A modern parable

I was walking Sarah in the park on Wednesday after supper, as usual. As usual, the Buddist monk was sitting cross-legged under the oak tree kitty-corner to our resting bench. Sarah is a dog, but she is named after my ex-girlfriend and I guess she is now my girlfriend. She drinks from my waterbottle and I don’t mind.

Usually I just glance over to see if monk is there. He wears an orange outfit and his eyes are open but only halfway. I assume he is meditating. Today the front page of the newspaper showed a picture of a man who looked just like him. Except his orange outfit and his face were bloodied. The military government in Burma was firing on monks who were sitting peacefully in support of a new government.

I don’t know why I decided to go and speak to him. I guess I knew he wouldn’t yell at me like some freaks in the park do if you approach them. I took Sarah of course, and when I sat on the grass I sat on the end of her lease to tether her. She started sniffing the grass behind me and going around the tree.

I sat with my legs tucked under me. Although it felt a little girly I didn’t want the monk to think I was trying to imitate him by sitting cross-legged. He raised his eyes to met mine.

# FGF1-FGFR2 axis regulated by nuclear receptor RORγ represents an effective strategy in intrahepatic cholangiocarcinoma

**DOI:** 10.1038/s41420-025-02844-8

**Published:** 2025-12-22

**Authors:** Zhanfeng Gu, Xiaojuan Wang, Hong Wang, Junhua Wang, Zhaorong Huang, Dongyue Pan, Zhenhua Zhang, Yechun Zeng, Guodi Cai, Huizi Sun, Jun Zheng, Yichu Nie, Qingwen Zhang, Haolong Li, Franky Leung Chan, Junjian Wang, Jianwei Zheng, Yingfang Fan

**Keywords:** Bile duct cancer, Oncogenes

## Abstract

“I guess you know about what’s happening in Burma,” I said.

He just looked at me. Not stared, just looked. I felt he liked me.

“Are you praying for the monks there? I think it is a horrible thing when people such as yourself, with such peaceful outlooks, are trappled over by others. It reminds me of Tianamin Square. I guess they think it’s okay if you just sit quietly and meditate in your own private garden, but not so great in public when it incites people to revolt. Maybe with all the news coverage the rest of the world will finally wake up and come to their senses. Then they can defend the helpless and throw out the animals who force their ways on people.”

My little speech was done. I thought it had sounded good – just the right tone of respect and assertiveness. I was happy, and proud of myself for having the courage to take a stand.

Sarah whimpered and I turned. Her snout was shoved into a glass pickle jar. At the bottom of the jar was a caterpiller, a leaf and a stick. Obviously some nursery school class had been here earlier learning about nature. What a bored kid had dropped, Sarah had found. She whimpered again and shook her head against me.

“Here baby,” I said. I put both hands on the jar and tucked. No luck.

“Sit, baby,” I said. I laid Sarah’s head in my lap and started to pet her gently. Would soothing her shrink her mouth slightly so I could slide off the jar. It went in didn’t it.

The monk reached over and took Sarah’s nose, right up by her black eyes, in his hand.

He smiled at her and flicked his wrist. Shattered glass lay on the rock I hadn’t seen in the lawn by his feet. Sarah licked his hand.

To alleviate suffering, act, he said.